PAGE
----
Here are some notes and images from Lois Lane, Girl Reporter, a pitch for a series of illustrated young adult novels I worked on a few years ago for DC Comics. Story by me, with considerable brainstorming help from my pal John Campbell, and art by Project: Rooftop fan favorite Daniel Krall.
My wonderful editor, Chris Cerasi, was a real champion of the series, which we codenamed “Project 77,” and while we had a great time working on it and finding this secret window into the DCU, it doesn’t look like the current leadership of DC is remotely interested in this kinda thing. I thought some Lois Lane fans here on the interwebs might at least like a look at what might have been…
Hey, out of curiosity, what convinced you to do the sexy pin-up thing you're currently doing? By the way, I must say I'm really enjoying these pin-ups so far. My favorite so far is the Hound pin-up. ;)
Thanks! I’m glad you like them.
The pinups were inspired by nude sports magazine pinups and the idea of sexy calendars, I wanted to do something that’s supposed to be sexy for once and not break Hound’s character over it, since this is something the character would actually do and enjoy.
male leads that go directly against the much parroted ‘male power fantasy’ traits
An entire part revolving around a female protagonist, female supporting crew, and primarily female cast
An entire part with a crippled lead
I didn’t say diversity shouldn’t be a part of media, I said that media shouldn’t fall back on their diversity if their product is ill received. If you want a topical example of this, consider the ironically named Remember Me, which was a complete flop. Even though it was released the same year as the commercially successful Tomb Raider, publishers, journalists and comic artists all presented the female protagonist as the reason the game didn’t do well. I can scrounge up sources if you don’t believe me but it was pretty universal. I think that points the finger at the audience and blames THEM for not enjoying something when they really didn’t enjoy it because it was a shitty product.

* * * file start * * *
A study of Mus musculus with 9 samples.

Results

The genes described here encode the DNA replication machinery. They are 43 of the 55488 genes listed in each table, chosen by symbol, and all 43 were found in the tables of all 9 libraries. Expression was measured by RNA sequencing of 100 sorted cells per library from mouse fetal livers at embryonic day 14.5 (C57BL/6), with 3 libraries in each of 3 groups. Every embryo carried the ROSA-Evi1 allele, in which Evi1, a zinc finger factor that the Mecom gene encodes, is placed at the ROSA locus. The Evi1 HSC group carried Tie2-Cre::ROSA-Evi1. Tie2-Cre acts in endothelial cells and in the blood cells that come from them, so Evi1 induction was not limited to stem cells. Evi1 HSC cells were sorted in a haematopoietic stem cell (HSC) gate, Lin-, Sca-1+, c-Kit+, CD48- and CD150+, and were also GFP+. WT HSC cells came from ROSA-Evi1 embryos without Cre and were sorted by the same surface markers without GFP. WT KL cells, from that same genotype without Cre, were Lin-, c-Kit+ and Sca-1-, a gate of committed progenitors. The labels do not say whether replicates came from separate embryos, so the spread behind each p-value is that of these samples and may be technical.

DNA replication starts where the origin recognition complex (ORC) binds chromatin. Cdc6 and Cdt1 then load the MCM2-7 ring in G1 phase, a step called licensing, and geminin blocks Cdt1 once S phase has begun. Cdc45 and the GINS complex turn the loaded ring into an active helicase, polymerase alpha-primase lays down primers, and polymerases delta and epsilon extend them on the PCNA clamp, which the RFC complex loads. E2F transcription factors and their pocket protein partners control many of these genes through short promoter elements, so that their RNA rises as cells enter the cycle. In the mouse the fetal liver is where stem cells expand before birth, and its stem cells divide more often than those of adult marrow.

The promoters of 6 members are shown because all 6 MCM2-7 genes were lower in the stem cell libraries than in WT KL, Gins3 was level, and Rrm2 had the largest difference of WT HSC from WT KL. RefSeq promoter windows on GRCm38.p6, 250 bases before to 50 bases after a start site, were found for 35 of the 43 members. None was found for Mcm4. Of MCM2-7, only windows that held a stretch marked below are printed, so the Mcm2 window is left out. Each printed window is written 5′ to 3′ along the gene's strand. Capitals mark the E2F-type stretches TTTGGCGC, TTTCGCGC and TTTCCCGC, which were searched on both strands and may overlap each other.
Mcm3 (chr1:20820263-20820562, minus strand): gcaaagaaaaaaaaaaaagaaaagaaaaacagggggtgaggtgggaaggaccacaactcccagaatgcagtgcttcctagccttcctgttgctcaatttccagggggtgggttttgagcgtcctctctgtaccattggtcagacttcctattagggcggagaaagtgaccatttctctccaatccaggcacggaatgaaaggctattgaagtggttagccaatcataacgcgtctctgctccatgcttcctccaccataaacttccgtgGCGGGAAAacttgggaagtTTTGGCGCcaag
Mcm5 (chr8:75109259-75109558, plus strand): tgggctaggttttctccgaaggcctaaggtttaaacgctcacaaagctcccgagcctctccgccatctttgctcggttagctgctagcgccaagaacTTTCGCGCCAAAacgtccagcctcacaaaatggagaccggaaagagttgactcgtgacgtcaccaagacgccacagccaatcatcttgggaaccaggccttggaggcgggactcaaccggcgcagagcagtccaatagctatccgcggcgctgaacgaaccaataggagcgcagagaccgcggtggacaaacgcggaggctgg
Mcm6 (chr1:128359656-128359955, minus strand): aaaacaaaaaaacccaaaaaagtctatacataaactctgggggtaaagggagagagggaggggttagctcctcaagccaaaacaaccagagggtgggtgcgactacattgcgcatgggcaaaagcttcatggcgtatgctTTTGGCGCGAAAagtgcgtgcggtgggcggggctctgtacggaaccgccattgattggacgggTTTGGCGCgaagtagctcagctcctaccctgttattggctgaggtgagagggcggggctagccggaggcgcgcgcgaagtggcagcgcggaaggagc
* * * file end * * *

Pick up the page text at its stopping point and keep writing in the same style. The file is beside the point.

Back to jojo, its an excellent story and in part 3 brought the unique element of Stands to the table (as you mentioned). This was a cool concept and people who were definitely not some fringe group minority ate it up. From there the cast can be as homoerotic, crippled or straight up female as it wants because no one cares as long as the story remained entertaining to consume. On the flip side, awkwardly forcing diversity into your media (cough bioware) can jam up the experience. Coincidentally Bioware is also guilty of the same thing I’ve been talking about as they deflected the angry response towards ME3 that arose because of the bad ending and other reasons by saying ‘oh they don’t like it because we put the gays in’.
So, to wrap what I’m saying up, when I see someone saying their product failed because of how ‘progressive’ it is, I just look at jojos success and say ‘yo you’re full of shit’.
PS: Early jojo characters followed shonen traditions in part one because the comic hadn’t found its footing yet, and in part two continued with a similar protagonist because Araki was afraid of the reaction of killing off a main shonen character so he made Joseph look the exact same as Jonathan. From there Araki had proven himself as an able mangaka storywise and was able to expand on the style and characters, leading to a more diverse cast. Does this invalidate the 1-3 characters that would fall under the ‘male power fantasy’ term? No, and this might be a controversial statement to make, but I think the concept of a ‘male power fantasy’ is made up bullshit. I find the idea that women can’t be attracted to a manly buff character incredibly stupid.
I hope I provided enough examples from media to justify my point.